Attractions

Schonbrunn Palace

The 1,441 room Schönbrunn Palace, comparable in grandeur to Versailles, is one of the major tourist attractions in Vienna. Built between 1696 and 1712 at the request of Emperor Leopold I and turned into the imperial summer palace by Maria Theresa. The Palace Park offers a lot of attractions, such as the Privy Garden, a maze and labyrinth, the oldest zoo in the world, and the Gloriette, a marble summerhouse, situated on top of a 60 meter (200 feet) high hill.


Hofburg Imperial Palace

Since it was built in the 13th century, the Hofburg Imperial Palace has played an integral part of the Austrian government scene. It has been home to some of Europe’s most powerful royalty over the centuries, including the Hapsburgs and rulers of the Holy Roman and Austro-Hungarian empires. Today it is a museum and home to the president of Austria. The palace has numerous wings and halls built by various royalty over the centuries, but only three parts are open to the public today: the Imperial Apartments; the Sisi Museum, dedicated to Elizabeth, wife of Emperor Franz Joseph, and the Silver Collection, a collection of Imperial household objects.


Hundertwasserhaus

The Hundertwasserhaus is a colorful apartment building near Vienna’s center in the Landstraße district. Named after Austrian artist Friedensreich Hundertwasser who developed the concept in the 20th century, with noted architect Krawina doing the building’s design. Each of the 52 apartments is a different color; some just out from the building proper, with several trees covering the roofs, while more trees grow inside other units, their limbs sticking out windows. Construction on the innovative apartment building ended in 1985; today, it is an intrinsic part of Vienna’s cultural heritage.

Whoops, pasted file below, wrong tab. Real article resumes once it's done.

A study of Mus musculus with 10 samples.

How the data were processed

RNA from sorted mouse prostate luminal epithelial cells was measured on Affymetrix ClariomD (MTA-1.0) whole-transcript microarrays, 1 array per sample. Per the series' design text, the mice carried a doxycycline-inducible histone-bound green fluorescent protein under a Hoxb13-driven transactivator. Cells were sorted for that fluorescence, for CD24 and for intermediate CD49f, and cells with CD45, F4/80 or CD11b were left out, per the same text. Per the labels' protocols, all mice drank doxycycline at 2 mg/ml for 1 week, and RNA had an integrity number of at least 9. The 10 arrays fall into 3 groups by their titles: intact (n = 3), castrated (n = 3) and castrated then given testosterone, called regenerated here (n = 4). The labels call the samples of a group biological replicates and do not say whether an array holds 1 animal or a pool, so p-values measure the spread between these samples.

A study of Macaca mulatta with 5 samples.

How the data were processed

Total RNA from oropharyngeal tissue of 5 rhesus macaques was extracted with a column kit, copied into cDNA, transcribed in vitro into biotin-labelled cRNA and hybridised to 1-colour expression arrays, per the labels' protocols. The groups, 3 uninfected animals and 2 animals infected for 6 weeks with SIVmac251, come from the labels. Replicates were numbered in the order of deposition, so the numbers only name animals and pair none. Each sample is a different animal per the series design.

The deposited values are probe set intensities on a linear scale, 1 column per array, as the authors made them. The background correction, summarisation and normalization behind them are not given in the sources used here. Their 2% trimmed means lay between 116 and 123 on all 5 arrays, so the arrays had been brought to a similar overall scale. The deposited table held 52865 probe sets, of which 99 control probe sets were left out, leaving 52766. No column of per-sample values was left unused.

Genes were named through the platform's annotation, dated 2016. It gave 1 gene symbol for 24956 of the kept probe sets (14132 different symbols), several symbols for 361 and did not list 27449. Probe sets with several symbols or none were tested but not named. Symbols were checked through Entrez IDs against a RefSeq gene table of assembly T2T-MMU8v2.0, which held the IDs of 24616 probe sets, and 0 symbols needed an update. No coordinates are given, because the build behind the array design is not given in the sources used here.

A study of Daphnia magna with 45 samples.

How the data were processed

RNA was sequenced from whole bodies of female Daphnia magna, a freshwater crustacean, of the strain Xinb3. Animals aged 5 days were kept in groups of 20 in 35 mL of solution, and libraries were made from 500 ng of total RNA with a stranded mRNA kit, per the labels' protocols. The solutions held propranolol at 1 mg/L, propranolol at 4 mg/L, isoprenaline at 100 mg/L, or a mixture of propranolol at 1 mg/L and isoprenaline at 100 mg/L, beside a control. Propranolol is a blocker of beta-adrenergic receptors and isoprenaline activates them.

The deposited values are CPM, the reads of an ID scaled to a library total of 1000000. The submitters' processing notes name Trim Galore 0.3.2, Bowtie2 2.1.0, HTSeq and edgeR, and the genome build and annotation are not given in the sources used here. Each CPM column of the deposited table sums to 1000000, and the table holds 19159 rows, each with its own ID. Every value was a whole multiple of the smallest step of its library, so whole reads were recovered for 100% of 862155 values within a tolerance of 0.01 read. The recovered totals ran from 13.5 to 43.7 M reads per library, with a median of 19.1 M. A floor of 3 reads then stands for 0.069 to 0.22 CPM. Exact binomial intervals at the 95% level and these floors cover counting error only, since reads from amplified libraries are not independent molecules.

Belvedere Complex

Belvedere is an integral part of Vienna’s historic scene, consisting of several palaces and an orangery that dates back to the late 17th century. It consists of the Baroque palaces, the Lower and Upper Belvedere; palace stables and the Orangery, all set in a Baroque-style park. Prince Eugene of Savoy had the complex built for his summer home. During the French Revolution, the palaces served as home to French royalty fleeing their country. Stunning to look at during the night when it is all lit up, as well as provides great views of Vienna.


Ringstrasse

Ringstrasse is a road, slightly more than 5 km (3 miles) long, that circles Vienna’s inner city. Ordered to be built by Emperor Franz Joseph in the mid-19th century, many of the most important buildings in Vienna line both sides of the street: palaces, museums and stately homes. Buildings along the road include the State Opera, the Natural History Museum, City Hall and the Vienna Stock Exchange. The buildings represent various architectural styles, and are all considered architectural masterpieces. Construction of the Ringstrasse started in 1857, with the street opening in 1865.